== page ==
What Is Executive Coaching?
Perry Zeus & Suzanne Skiffington (in the book, The Complete Guide to Coaching at Work) define and describe executive coaching as follows:
“Executive coaching is a collaborative, individualized relationship between an executive and a coach, the aims of which are to bring about sustained behavioral change and to transform the quality of the executive’s working and personal life. Although executive coaching always focuses on the individual’s working life, coaching sessions frequently center on interpersonal development, personal change, and transformation.”
Features of executive coaching (adapted from Zeus & Skiffington):
1. It is a series of one-on-one interactions designed to meet the individual needs of the client, but generally focuses on personal awareness and targeted skills to improve work performance.
2. It is a process to provide executives with valid information to enable them to make well-informed choices.
3. It is a consultative, relationship-based service provided by coaches who serve as advisers and sounding boards.
4. It is about moving the executive towards increased versatility and effectiveness.
5. It involves a coach being an active resource for an executive and exploring, developing, and maximzing his or her potential.
The ACHIEVE Coaching Model
Coaching Model is a seven-step
model developed by Sabine Dembkowski and Fiona Eldridge. It includes the following steps: (a) Assess current situation, (b) Creative brainstorming of alternatives to current situation, (c) Hone goals (i.e., helping the client to formulate goals), (d) Initiate options (i.e., helping the client to initiate a wide range of behavioral options to achieve the desired goal), (e) Evaluate options, (f) Valid action program design (i.e., collaboration of the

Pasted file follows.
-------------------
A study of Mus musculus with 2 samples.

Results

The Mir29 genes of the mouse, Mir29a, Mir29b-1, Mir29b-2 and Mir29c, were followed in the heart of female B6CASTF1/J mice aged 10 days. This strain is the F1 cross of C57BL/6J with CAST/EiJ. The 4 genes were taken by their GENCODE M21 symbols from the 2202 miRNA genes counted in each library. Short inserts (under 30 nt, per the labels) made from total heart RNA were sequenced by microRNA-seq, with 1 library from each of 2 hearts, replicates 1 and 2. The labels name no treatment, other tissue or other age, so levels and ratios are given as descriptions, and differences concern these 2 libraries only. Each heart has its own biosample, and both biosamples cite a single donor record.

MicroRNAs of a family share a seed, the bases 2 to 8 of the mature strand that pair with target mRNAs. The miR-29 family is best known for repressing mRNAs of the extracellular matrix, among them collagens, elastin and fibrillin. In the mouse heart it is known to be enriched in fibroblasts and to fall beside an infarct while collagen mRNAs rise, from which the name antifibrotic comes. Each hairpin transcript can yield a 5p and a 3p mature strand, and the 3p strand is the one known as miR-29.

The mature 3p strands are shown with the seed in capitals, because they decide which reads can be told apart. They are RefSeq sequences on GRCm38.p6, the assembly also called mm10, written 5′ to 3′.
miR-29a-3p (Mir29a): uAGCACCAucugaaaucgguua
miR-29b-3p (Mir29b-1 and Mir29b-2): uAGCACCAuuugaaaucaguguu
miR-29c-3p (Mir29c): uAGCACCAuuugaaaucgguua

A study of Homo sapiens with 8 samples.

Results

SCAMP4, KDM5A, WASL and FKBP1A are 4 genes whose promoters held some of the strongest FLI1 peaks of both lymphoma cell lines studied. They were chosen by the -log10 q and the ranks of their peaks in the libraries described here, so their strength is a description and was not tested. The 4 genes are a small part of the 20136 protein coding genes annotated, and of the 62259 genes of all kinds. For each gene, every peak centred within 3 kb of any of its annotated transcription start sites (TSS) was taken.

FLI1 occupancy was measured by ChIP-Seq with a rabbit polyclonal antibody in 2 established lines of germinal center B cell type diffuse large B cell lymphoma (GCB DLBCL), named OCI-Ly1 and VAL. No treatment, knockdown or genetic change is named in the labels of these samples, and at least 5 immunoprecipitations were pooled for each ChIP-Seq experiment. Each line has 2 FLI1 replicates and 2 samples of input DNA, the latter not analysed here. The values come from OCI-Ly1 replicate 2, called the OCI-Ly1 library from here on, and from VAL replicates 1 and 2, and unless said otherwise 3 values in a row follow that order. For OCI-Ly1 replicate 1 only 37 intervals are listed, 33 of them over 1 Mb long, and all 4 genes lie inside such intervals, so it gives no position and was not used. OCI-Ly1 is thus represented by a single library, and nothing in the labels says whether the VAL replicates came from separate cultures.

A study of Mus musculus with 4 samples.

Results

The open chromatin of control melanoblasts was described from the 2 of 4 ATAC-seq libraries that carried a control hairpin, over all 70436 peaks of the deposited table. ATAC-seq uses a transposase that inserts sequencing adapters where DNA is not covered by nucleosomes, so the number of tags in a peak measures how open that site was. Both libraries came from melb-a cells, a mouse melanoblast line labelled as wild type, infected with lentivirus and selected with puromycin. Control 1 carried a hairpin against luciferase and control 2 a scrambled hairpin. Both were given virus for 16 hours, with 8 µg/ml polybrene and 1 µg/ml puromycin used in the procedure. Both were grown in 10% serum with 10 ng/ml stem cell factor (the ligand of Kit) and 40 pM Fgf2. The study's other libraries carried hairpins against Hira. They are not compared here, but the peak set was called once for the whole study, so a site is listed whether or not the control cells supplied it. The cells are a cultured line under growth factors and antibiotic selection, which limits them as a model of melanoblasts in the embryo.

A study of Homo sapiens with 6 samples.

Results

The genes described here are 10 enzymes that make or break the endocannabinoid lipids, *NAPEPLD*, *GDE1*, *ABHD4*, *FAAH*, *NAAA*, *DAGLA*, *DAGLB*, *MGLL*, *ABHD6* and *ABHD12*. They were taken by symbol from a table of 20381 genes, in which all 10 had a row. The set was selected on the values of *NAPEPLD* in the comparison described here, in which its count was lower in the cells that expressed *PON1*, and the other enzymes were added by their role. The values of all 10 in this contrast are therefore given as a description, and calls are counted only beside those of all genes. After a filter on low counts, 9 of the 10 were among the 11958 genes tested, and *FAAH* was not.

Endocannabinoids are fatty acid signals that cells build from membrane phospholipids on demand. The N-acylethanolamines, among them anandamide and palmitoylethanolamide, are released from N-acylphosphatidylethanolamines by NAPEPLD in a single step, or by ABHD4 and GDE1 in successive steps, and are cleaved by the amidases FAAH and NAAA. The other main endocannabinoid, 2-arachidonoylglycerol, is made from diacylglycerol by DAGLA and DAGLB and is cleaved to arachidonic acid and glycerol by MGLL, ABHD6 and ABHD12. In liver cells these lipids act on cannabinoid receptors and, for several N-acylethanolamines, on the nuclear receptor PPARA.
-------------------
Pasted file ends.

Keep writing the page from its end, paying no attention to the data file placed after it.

coach and the client to develop an action plan), (g) Encourage momentum (i.e., ongoing process of providing encouragement and helping the client to keep on track with the plans).
Background of the ACHIEVE Coaching Model
The ACHIEVE Coaching Model is based on an international best-practice study of executive coaching
drawn from the UK, Germany, and the U.S. The model was further tested and refined through an executive coaching practice. Thanks to this research, seven core coaching capabilities were identified and a 7-step process, called the ACHIEVE Coaching Model, was developed. The seven core capabilities of executive coaching are: rapport building, deep listening, creative questioning, clear goal setting, giving feedback, intuition, and presence.